Friday, April 20, 2012

Okay, I confess, I always wanted the game, Hungry Hungry Hippos as a child.  I believed (and still do) that Hippos gobbling up marbles at high speeds is fun in a box.  I mean, who came up with this?!  So when I saw the game at a thrift store, all pieces intact, I was thrilled to bring it into the classroom.  The day I put it out one of my students came in and exclaimed, "I have always wanted to play that game!"  It is a hit!  I did find out why it was donated though, it is loud!  So, I have the kids play it on the carpet to cut down on the noise, and we have a "one hand on the hippo handle" rule to prevent over zealous play.  This game also helps with the concept of greater and fewer as the player whose hippo gobbles the greatest number of marbles wins.

Our neighborhoods

This week we celebrated Earth Week in Kindergarten.  I have some favorite books to read and one is The Little House by Virginia Lee Burton.  We read about the little houses move from the country to the city and back again.

This year we tied this book into a geography lesson.  Each student created his/her own house and glued it to a huge piece of paper, along with table mates.  Then, created a yard and garden area.  I folded the neighborhoods in half and added them to our block area.  (They stand up when folded)  Now students can add buildings and roads to the neighborhoods and show each other where they "live".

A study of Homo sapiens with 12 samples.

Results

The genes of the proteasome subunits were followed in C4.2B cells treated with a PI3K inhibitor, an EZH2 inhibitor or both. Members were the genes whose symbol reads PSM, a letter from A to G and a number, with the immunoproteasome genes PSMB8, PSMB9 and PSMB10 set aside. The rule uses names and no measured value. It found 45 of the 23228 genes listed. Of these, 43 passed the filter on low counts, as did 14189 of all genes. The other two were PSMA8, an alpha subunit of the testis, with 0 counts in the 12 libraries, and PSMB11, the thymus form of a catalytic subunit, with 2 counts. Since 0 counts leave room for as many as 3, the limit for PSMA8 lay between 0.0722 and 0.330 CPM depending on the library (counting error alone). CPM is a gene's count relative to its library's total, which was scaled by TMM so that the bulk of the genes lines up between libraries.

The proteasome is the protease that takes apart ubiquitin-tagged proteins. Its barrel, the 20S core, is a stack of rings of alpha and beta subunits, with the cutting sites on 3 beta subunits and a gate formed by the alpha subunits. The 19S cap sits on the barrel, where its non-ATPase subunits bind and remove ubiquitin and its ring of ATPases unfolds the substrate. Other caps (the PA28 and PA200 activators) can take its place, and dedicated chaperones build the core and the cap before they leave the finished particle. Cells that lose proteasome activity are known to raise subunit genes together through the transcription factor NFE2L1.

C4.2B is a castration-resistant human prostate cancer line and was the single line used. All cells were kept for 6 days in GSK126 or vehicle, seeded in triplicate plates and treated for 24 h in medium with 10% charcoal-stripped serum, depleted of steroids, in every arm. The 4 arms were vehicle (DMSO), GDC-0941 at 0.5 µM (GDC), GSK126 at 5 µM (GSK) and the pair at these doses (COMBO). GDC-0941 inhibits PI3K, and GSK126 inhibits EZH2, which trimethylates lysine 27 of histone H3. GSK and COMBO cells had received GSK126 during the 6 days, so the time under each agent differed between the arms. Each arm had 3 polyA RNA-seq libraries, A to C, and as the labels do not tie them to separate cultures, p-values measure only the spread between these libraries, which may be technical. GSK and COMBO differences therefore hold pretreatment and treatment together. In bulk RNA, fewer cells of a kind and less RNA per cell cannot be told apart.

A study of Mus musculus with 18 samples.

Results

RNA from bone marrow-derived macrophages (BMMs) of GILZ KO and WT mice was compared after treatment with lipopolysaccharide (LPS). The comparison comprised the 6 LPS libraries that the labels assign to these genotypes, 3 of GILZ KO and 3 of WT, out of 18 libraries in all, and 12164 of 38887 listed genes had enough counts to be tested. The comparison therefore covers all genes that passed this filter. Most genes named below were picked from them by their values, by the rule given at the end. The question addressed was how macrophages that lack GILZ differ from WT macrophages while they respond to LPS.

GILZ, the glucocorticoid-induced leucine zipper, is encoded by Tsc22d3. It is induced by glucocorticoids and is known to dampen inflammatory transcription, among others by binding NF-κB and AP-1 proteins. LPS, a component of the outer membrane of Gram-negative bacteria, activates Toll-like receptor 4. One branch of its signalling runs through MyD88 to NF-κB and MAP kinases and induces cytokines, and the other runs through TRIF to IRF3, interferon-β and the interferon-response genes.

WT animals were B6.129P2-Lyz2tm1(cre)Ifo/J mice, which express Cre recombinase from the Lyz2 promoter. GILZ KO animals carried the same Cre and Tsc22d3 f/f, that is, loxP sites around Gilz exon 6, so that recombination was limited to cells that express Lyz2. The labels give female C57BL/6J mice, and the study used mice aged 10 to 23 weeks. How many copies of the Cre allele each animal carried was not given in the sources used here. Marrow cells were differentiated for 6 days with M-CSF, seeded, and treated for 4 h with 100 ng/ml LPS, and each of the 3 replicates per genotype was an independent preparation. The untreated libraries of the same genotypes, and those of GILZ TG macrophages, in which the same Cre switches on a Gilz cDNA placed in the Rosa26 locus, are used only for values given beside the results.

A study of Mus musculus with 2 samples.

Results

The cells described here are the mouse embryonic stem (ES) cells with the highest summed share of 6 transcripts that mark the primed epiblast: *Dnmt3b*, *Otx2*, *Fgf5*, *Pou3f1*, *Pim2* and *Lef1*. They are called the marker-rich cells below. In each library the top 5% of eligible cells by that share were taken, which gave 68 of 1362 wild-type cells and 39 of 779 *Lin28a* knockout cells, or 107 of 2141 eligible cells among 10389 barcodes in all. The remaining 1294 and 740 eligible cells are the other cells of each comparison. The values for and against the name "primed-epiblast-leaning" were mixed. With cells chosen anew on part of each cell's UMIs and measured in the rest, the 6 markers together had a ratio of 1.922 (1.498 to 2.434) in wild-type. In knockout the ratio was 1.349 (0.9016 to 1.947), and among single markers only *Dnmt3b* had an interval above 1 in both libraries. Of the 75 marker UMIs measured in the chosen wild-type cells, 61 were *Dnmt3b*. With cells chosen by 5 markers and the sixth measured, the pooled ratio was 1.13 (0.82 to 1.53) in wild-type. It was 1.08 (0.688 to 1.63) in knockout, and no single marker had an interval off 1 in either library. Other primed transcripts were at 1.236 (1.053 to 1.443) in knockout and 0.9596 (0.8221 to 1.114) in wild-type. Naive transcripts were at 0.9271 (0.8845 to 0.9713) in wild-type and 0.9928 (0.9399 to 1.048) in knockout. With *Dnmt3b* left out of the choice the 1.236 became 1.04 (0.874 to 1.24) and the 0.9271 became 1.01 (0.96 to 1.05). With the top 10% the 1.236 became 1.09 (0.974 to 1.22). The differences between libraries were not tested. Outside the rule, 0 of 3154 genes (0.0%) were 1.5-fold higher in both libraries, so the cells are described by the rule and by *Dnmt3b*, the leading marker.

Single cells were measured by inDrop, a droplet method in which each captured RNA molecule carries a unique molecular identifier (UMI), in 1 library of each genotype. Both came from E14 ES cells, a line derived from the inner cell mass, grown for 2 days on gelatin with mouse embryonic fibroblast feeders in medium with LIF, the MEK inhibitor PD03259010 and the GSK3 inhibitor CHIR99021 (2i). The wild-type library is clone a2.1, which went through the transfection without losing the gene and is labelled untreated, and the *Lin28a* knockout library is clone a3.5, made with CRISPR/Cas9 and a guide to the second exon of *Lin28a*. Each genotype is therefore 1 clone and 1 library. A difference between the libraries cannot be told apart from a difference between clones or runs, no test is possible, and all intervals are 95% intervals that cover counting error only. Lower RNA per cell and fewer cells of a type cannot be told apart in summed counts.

Tuesday, April 17, 2012

Let's talk, in an orderly manner

Research shows that students, especially EL's need to talk, orally communicate in order to comprehend and become fluent speakers. I've been using "think, pair, share" to accomplish this. However, I've run into difficulty getting the students to listen to each other. Mostly they yell on top of each other. Well, this problem was solved by using talking tokens. When we partner on the rug each pair gets 2 poker chips, 1 red and 1 blue. I say "Red chip talks, blue chip listens." Then they share. The pencils and bears I use at tables of 4 students. Each student picks a bear, or a pencil and I choose a color to speak first while the rest listen. As a follow up I'll ask someone to share something their group or partner said. No more yelling and listening gets rewarded!

Monday, April 16, 2012

The 3 Little Pigs

To retell the story The 3 Little Pigs, we made story props of the 3 houses and the characters. We used these props to practice telling the story to each other.
I used hay, sticks and styrofoam packing peanuts as bricks. Each child first drew the 3 houses on an 8.5 X11 sheet of paper. I put a plate of glue in between 2 students to share. They dipped the construction materials in the glue and stuck them onto the appropriate house.
This project take a lot of glue so I recommend using the plates instead of the bottles, which can be tricky for young learners to manipulate.
After retelling to a friend and listening to a retell, they brought their props home and told the story to their parents.